Books: Nice painting, shame about the wife

John Everett Millais, a Biography by G H Fleming, Constable pounds 20

The famous late-period painting by Millais, Bubbles, became notorious when it was acquired by the Pears soap company for advertising purposes, but perhaps there was poetic justice in this, for Millais's life was the stuff of which soap operas are made, at least in G H Fleming's account. To be sure, at the very beginning, when he formed the "Pre-Raphaelite" school with Holman Hunt and Dante Gabriel Rossetti, Millais came under attack from the guardians of taste, particularly for his painting Christ in the House of his Parents (1850). He was accused, as Zola was later, of being a purveyor of low life, and for the same reason: attempting to provide a naturalistic rendering of subject matter.

Fleming compares the brouhaha over the "Jesus as carpenter" painting to the recent controversy over Kazantzakis's novel The Last Temptation of Christ. But once the influential mainstream art critics gave his work the nod, Millais settled into a comfortable Establishment niche. Thereafter, one finds no internal struggles or metaphysical questings in Millais's life; his conflicts were all with other humans.

The bane of his life was John Ruskin. It was Ruskin's critical championship that initially led to the general acceptance of pre-Raphaelite art, and at first, Millais regarded him as a guru. Then Euphemia Gray came between them. Effie, as she was invariably called, married Ruskin but the match was never consummated; it is said that on the wedding night, Ruskin recoiled in horror from his wife's pubic hair, having previously only seen "artistic" nudes. Whatever the truth, Effie was examined medically, found to be virgo intacta, and her marriage was annulled. She very soon became Mrs Millais and bore eight children. The fact that Millais was privy to the secrets of Ruskin's boudoir seems to have unhinged the great critic, especially as Millais himself turned on him. To mask his ingratitude, Millais had to pretend that Ruskin was a monster. It was the well-known phenomenon of biting the hand that feeds. But Ruskin had the last laugh.

What happened next has to be reconstructed tentatively, since Effie's descendants burned most of her letters. At root, the Millais marriage was a Jack Spratt affair. She liked travel, he did not; he adored fishing, she did not; she was a spendthrift while he was a tightwad. Most of all, he was a passionate man who had a prodigious sexual appetite while she regarded intercourse as something for the beasts. Both parties appear to have been, at first glance, one-dimensional human beings: Millais was a painting machine and Effie a shopaholic, but Millais was a creative genius while Effie was a neurotic malcontent. The supreme test of a Millais biographer is what sense he can make of this tangled menage.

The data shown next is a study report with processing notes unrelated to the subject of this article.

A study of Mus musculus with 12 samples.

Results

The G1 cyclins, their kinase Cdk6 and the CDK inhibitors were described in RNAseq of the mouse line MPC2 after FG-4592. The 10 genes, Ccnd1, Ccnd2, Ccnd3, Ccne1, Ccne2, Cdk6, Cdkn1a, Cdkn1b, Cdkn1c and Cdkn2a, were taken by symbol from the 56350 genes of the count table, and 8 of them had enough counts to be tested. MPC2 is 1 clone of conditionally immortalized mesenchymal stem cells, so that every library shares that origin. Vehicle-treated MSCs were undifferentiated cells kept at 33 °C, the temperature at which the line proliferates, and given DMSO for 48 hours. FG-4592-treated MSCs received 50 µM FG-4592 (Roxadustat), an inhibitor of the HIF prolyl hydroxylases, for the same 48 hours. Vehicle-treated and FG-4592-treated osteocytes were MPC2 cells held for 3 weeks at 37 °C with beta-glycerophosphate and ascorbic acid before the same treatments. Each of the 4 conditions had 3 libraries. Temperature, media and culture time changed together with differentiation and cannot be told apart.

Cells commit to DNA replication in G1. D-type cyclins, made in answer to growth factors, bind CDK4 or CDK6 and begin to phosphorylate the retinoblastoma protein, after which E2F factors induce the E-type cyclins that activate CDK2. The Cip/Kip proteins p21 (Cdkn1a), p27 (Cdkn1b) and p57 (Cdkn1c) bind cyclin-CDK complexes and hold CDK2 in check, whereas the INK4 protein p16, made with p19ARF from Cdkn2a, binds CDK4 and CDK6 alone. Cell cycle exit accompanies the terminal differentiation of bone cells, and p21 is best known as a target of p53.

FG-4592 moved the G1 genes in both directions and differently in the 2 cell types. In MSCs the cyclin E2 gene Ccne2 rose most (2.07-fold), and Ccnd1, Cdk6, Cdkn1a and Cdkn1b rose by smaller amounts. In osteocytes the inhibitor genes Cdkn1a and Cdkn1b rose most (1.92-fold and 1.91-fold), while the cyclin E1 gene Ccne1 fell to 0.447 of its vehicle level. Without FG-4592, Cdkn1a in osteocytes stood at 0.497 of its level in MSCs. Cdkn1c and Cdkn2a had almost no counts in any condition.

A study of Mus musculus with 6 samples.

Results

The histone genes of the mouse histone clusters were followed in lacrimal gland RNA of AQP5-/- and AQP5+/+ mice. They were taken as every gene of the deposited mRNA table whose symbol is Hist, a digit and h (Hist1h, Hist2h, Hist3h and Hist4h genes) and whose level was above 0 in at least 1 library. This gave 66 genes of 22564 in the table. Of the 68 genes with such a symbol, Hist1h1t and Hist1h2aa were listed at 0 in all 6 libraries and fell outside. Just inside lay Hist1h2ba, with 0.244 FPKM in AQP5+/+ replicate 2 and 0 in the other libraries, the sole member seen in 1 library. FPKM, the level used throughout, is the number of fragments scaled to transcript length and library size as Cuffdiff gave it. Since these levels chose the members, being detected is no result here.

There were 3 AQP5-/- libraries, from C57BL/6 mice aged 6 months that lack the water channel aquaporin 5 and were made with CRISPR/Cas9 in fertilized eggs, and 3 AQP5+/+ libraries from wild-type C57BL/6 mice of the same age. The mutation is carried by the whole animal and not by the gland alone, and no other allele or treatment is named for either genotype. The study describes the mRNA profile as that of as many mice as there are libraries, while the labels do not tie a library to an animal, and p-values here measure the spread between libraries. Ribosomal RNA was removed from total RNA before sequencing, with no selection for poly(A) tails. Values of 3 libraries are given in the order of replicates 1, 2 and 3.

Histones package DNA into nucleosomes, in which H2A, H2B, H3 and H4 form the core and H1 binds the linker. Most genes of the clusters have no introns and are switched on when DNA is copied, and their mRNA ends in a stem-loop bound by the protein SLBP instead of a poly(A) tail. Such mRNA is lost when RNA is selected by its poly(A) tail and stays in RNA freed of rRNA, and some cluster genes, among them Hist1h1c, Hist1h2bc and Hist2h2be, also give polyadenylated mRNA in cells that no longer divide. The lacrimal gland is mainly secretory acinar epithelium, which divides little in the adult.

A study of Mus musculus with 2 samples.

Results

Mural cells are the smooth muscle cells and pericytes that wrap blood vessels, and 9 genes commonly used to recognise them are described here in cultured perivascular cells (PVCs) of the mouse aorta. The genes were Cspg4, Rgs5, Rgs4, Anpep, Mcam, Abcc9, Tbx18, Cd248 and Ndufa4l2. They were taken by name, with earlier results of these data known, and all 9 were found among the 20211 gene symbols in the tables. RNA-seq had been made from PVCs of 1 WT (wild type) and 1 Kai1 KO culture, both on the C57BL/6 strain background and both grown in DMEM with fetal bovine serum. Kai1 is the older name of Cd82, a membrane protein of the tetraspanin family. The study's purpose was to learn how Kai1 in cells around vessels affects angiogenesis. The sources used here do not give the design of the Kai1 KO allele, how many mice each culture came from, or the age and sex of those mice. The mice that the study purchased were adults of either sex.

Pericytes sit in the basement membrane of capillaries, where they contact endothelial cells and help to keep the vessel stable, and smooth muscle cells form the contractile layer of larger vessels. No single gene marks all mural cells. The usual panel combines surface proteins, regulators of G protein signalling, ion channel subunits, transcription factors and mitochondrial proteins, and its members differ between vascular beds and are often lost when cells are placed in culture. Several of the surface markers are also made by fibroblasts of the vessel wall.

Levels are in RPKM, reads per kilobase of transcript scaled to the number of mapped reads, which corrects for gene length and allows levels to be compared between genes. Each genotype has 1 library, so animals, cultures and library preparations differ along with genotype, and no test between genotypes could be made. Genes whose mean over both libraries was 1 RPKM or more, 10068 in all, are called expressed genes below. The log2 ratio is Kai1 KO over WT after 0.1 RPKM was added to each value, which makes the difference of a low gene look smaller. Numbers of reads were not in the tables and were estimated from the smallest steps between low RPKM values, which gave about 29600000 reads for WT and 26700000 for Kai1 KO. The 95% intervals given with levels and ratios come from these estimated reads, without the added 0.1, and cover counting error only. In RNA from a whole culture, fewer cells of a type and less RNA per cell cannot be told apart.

As an American academic, Fleming no doubt has to look over his shoulder at the Valkyries of political correctness. Perhaps this accounts for the curiously tentative and unsatisfactory "on the one hand... on the other," tone he adopts. Many people regard Effie as a monster of conceit, self- regard and mendacity. Ruskin grew to hate her and described her as "Lady Olivia (in Maria Edgeworth's Leonora) with less refinement, mingled with Goneril in King Lear". In case we are tempted to reply "well, he would, wouldn't he," it is worth bearing in mind the judgement of the respected literary scholar, Helen Viljoen, who found in Effie's combination of lies and humbug a perfect replica of Becky Sharp. In the light of the surviving letters Fleming does quote from, it is hard to dissent from this judgement. Effie visited Paris three times but her response on each occasion was a whinge that she did not have unlimited shopping money.

Faced with what looks like a desire to pitch into Effie, coupled with a fear of the consequences of so doing, Fleming has elected to play both ends against the middle. On the one hand, he makes a stab at an argument that Effie was a victim because she endured eight pregnancies while disliking sex. And he makes great play of the mysterious unstated illness she allegedly suffered from. He condones her increasing absences from her husband and her money-grabbing. And he takes her uncorroborated word for it that Millais neglected his children, and goes so far as to compare him in point of hypocrisy with Rousseau (both men idealised childhood but shamefully neglected actual children).

On the other hand, he tries to sympathise with Millais's exasperation at his wife's absences - which ended ultimately in the total separation of the couple - and with her spendthrift ways. At one point, he remarks of one of Effie's self-justifying effusions that it reminds him of Mary McCarthy's attack on Lillian Hellman - "everything the woman writes is false, even the words 'and' and 'the'". Fleming tries to sidestep the sexual politics involved in entering a judgement on the marriage by likening it to literary models: Millais is Jude the Obscure and Effie is Sue Bridehead, or Millais is Andrea del Sarto in the Browning poem pleading with Lucrezia. But Fleming really cannot have it both ways: "dialectical" truth through the interpenetration of opposites is not a notion many would subscribe to, and with this in mind, he really should have come down off the fence.

Such is the absorbing interest of the Millais marriage that the paintings themselves tend to get crowded off the page. Fleming's art criticism is sound without being inspired or brilliant and, in any case, he has already written a number of books on the Pre-Raphaelites. What he mostly does is to set us thinking about the Victorians. How far away they are in sensibility and sexual attitudes, almost like creatures from another planet.